Oct 1, 2014

W.L. Craig on the impassibility of God

W.L. Craig on the Impassibility of God.
Why he made up a rule as he went along.  

W.L. Craig says that God isn’t impassive, isn't emotionless. Craig, without explaining why, rules that an emotional being is better than a non-emotional being.

Therefore, God has emotions.
"[I]t is a weakness for a person to be unmoved by human suffering and a strength to feel emotions, including pain, indignation, compassion, etc. In fact, think of the etymology of the word “compassion”: to suffer along with. As the greatest conceivable being, God must be compassionate and share our sorrows and joys. Impassibility is actually a weakness, whereas compassion redounds to God’s greatness."

Thus W.L. Craig says that God has emotions like us.

A different theological view, however, says that God doesn't have emotions like us. Moreover, it says that it's necessary that God doesn't--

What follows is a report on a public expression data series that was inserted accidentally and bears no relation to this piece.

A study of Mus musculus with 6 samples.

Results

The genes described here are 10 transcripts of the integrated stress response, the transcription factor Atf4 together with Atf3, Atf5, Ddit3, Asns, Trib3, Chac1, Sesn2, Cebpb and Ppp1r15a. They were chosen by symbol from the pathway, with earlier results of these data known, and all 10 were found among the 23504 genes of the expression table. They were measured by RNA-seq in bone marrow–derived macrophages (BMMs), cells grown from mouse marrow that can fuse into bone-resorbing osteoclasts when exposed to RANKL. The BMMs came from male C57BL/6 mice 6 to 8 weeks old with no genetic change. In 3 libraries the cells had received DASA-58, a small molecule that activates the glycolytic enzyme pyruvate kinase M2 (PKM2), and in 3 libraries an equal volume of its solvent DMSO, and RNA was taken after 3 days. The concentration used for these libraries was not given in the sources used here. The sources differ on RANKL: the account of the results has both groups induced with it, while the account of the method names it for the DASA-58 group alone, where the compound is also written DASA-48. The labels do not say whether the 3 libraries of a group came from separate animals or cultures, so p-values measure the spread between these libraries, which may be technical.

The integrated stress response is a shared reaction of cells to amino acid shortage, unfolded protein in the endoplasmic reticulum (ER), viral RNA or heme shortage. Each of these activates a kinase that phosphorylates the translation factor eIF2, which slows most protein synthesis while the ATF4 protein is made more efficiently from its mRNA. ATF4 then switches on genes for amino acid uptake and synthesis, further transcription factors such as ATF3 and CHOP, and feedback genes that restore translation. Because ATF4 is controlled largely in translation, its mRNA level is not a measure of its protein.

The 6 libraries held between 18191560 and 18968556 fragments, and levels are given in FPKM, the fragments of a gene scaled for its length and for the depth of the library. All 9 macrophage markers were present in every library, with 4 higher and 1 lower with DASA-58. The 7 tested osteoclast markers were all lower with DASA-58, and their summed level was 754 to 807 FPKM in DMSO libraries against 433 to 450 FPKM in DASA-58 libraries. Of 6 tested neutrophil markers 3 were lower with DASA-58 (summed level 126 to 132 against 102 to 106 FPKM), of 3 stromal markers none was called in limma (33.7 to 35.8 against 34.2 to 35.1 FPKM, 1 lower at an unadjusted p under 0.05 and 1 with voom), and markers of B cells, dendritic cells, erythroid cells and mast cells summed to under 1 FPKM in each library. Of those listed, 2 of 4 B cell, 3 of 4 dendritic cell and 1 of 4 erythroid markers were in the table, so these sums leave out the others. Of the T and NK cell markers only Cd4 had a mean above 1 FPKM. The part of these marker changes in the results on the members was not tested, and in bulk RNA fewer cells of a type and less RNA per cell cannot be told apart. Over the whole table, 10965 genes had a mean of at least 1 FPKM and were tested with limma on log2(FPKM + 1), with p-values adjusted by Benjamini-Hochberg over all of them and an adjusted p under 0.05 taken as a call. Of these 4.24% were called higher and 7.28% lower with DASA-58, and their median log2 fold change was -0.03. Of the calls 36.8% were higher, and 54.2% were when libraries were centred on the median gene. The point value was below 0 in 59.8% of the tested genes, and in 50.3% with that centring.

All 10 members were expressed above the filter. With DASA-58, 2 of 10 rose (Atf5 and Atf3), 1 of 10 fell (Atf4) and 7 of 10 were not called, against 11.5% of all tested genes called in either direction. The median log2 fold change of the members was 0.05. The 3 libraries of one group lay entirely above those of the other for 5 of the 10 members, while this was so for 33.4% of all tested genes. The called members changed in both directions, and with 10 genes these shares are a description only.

"The doctrine of God's impassibility states that God does not experience emotions (as humans understand them). That is, God is 'impassive' in the face of events. God is not surprised, alarmed, chagrined, amused, charmed, angered, happy, frustrated or saddened by events the way we humans are. God isn't, like us, affected by events. If God were affected by things then God isn't Transcendent and omnipotent. You can't 'touch'--physically, causally, or emotionally--God. This doctrine is simply the logical outcome of God's omnipresence, omniscience, and omnipotence. If God knows all things from the beginning of time then he can't properly be surprised by the outcome of events. True, the Bible does suggest that God experiences emotions, even strong and violent emotions. And God even seems to regret some of his choices. But according to the adherents of divine impassibility all this is just metaphor and anthropomorphism." 

It's one thing to take a side. But it's another thing to show it's true.
W.L. Craig takes a whimsical rule and tries to pass it off as reliable.

But it simply doesn't go the distance.